NDRRMC to tackle moves to tap $500M WB loan for ‘Ompong’ rehab
The National Disaster Risk Reduction and Management Council (NDRRMC) will meet Thursday to act on the economic team’s recommendation that President Rodrigo Duterte declare a state of calamity in the aftermath of typhoon “Ompong” (international name: Mangkhut) in order to tap a standby World Bank loan.
On the sidelines of the Lower House’s plenary hearings on Wednesday about the proposed 2019 national budget, Socioeconomic Planning Secretary Ernesto M. Pernia told reporters that he will co-chair the NDRRMC meeting in the absence of Defense Secretary Delfin Lorenzana, who chairs the council.
Pernia heads the state planning agency National Economic and Development Authority (Neda), which was the NDRRMC’s vice-chair for rehabilitation.
The NDRRMC was expected to approve the economic managers’ proposal to use the $500-million loan approved by the World Bank in 2015—still untouched and set to lapse this month.
Last Tuesday night, Finance Secretary Carlos G. Dominguez III told reporters in a text message that the state of calamity will cover four regions that were the hardest hit by Ompong.
“The Office of Civil Defense convened a technical working group meeting [Tuesday] afternoon and agreed to finalize draft resolution endorsing to NDRRMC that the state of calamity would cover Region 1 (Ilocos), 2 (Cagayan), 3 (Central Luzon), and CAR (Cordillera Administrative Region),” Dominguez said, citing a report of Finance Assistant Secretary Maria Edita Z. Tan.
In a statement Wednesday, Dominguez said the World Bank’s Second Disaster Risk Management Development Policy Loan With A Catastrophe Deferred Drawdown Option (CAT-DDO 2) “will provide the government immediate liquidity to help fund its disaster relief and reconstruction efforts, and can be immediately accessed 48 hours after the President’s declaration of the state of calamity.”
“A presidential declaration of a state of calamity is required to trigger the release of the funds available under the World Bank loan facility,” Dominguez explained.
As of end-August, the World Bank loan has an available balance of $497.5 million, net of the 0.5-percent front-end fee, the Finance chief said.
“On the recommendation of National Treasurer Rosalia V. de Leon, the Department of Finance, as executing agency, decided to tap the CAT-DDO 2 facility in the aftermath of typhoon ‘Ompong.’ Under this CAT-DDO 2 extended by the World Bank, the government can draw up to the full loan amount at any given time within three years of its implementation coverage. The loan under this facility is payable in 25 years, inclusive of a 10-year grace period with an interest rate based on the current US dollar six-month LIBOR plus an applicable variable spread,” he said.
“Compared to an issuance in the dollar space for a similar amount and tenor, the CAT-DDO 2 costs less annually,” De Leon was quoted by the DOF as saying.
In a press briefing during the Philippine Economic Briefing last Tuesday, Dominguez said the economic team was still waiting for the final assessment of total damage to crops as well as infrastructure.
“We don’t know exactly at this point in time how much crops were damaged,” Dominguez said.
Dominguez also noted there were some infrastructures damaged in the areas battered by Ompong, although there was no concrete report yet.
The Finance chief nonetheless said the government has the resources to fund the repair of damaged infrastructure.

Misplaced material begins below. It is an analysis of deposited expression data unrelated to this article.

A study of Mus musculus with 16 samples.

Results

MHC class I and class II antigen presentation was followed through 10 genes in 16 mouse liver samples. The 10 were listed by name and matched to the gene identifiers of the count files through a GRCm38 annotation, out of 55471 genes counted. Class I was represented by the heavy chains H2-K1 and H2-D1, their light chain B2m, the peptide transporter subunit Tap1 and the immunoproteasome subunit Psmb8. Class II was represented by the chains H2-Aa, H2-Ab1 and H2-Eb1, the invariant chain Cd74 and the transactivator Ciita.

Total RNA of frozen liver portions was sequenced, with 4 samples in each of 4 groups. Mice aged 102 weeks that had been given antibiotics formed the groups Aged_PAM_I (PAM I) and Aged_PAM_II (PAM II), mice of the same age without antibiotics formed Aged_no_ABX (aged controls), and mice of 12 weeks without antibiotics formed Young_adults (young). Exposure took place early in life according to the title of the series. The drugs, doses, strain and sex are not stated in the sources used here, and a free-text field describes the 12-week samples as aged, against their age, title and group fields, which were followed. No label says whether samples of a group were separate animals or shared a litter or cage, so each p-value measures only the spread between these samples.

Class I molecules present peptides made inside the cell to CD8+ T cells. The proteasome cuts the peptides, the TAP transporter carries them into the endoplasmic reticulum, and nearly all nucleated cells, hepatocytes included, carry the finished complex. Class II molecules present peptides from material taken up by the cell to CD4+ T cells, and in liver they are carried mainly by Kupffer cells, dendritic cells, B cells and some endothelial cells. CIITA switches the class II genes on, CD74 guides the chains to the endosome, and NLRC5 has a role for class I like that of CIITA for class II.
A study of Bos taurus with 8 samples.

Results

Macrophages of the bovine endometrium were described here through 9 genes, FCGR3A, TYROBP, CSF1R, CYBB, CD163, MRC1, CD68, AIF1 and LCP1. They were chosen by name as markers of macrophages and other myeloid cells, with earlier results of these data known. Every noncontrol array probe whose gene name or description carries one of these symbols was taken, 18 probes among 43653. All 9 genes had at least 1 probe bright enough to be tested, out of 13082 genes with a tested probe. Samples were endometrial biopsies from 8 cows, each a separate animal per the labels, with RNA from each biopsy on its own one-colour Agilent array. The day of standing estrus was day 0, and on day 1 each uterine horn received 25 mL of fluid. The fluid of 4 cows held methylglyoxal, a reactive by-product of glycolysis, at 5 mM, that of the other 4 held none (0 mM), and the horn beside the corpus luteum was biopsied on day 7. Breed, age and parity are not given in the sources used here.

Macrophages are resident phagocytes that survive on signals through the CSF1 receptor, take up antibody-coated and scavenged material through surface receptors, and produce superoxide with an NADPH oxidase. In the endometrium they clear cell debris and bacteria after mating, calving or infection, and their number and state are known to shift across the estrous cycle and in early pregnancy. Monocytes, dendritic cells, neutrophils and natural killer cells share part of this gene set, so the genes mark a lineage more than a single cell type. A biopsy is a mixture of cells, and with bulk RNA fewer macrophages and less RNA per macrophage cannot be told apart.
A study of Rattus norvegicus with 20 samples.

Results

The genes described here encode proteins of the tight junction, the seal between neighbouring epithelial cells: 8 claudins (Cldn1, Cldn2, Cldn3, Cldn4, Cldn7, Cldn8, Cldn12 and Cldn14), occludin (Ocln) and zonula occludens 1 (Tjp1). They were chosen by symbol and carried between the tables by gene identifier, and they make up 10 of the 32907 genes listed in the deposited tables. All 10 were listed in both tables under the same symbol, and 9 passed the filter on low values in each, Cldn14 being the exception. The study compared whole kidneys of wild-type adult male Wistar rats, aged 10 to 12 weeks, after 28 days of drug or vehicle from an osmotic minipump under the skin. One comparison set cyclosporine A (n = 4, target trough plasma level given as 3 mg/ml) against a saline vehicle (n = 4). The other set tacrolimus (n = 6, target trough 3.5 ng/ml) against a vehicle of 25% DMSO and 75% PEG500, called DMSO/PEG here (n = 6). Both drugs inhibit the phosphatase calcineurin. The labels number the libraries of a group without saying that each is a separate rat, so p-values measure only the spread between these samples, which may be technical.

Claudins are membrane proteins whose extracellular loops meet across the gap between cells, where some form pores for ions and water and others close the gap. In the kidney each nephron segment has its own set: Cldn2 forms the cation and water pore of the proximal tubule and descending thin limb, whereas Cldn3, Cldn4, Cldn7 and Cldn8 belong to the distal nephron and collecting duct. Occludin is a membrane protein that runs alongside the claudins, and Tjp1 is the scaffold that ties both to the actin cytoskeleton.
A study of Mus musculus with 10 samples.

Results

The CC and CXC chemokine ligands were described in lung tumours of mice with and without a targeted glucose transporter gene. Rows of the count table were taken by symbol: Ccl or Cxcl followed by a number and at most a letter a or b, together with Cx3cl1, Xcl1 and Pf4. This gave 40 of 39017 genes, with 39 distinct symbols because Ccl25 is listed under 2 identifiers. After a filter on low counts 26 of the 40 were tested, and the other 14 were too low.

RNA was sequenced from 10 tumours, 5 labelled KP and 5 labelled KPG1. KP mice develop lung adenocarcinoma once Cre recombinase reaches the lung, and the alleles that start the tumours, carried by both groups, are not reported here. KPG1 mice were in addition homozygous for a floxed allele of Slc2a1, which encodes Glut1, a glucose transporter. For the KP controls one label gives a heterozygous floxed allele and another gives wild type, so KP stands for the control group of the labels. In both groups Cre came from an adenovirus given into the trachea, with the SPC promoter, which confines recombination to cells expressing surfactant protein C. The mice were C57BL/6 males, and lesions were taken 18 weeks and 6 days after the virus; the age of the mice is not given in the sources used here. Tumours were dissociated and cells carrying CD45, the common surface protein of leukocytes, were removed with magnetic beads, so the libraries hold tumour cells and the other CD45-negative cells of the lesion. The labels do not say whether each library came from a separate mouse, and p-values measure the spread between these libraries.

As for ongoing road, bridge, and dam projects, which constructions were affected by the typhoon, “we can certainly handle the additional costs” due to potential damage, he said.
Asked if Ompong would impact on the poverty-reduction goal, Pernia replied: “Inflation, of course, and the destruction brought by the typhoon are going to be temporary or transient gusts of winds that would slow the progress of poverty reduction, but then these are temporary.”
“This government’s administration still has close to four years to go and so there are still a lot of time to make up for the slow setbacks brought about by the temporary gusts and headwinds. We can still achieve the poverty targets,” Pernia added.
The poverty incidence rate stood at 21.6 percent in 2015, and the Duterte administration aims to cut it by over seven percentage points four years from now through its 10-point socioeconomic agenda.
In a statement also last Tuesday, Neda it will spearhead the crafting of a rehabilitation and recovery program for the rehabilitation of areas flattened by typhoon “Ompong.”
“Our Neda regional offices are ready to take the lead in formulating the rehabilitation and recovery program for areas hit by typhoon Ompong. As we transition from the early recovery stage of restoring lifelines and releasing emergency assistance, we hope to build back better infrastructure and speed up recovery of livelihood in the rehabilitation stage,” Pernia said.
“Neda will have a hand in drafting the post-disaster needs assessment, particularly in determining the typhoon’s economic impact. The PDNA will help in estimating the cost of rehabilitation and in the formulation of a detailed rehabilitation and recovery program,” Pernia added. /kga
Inquirer calls for support for the victims of typhoon Ompong
Responding to appeals for help, the Philippine Daily Inquirer is extending its relief to victims of the recent typhoon Ompong.
Cash donations may be deposited in the Inquirer Foundation Corp. Banco De Oro (BDO) Current Account No: 007960018860 and Swift Code: BNORPHMM.
Inquiries may be addressed to Inquirer’s Corporate Affairs office through Connie Kalagayan at 897-4426, firstname.lastname@example.org and Bianca Kasilag-Macahilig at 897-8808 local 352, email@example.com.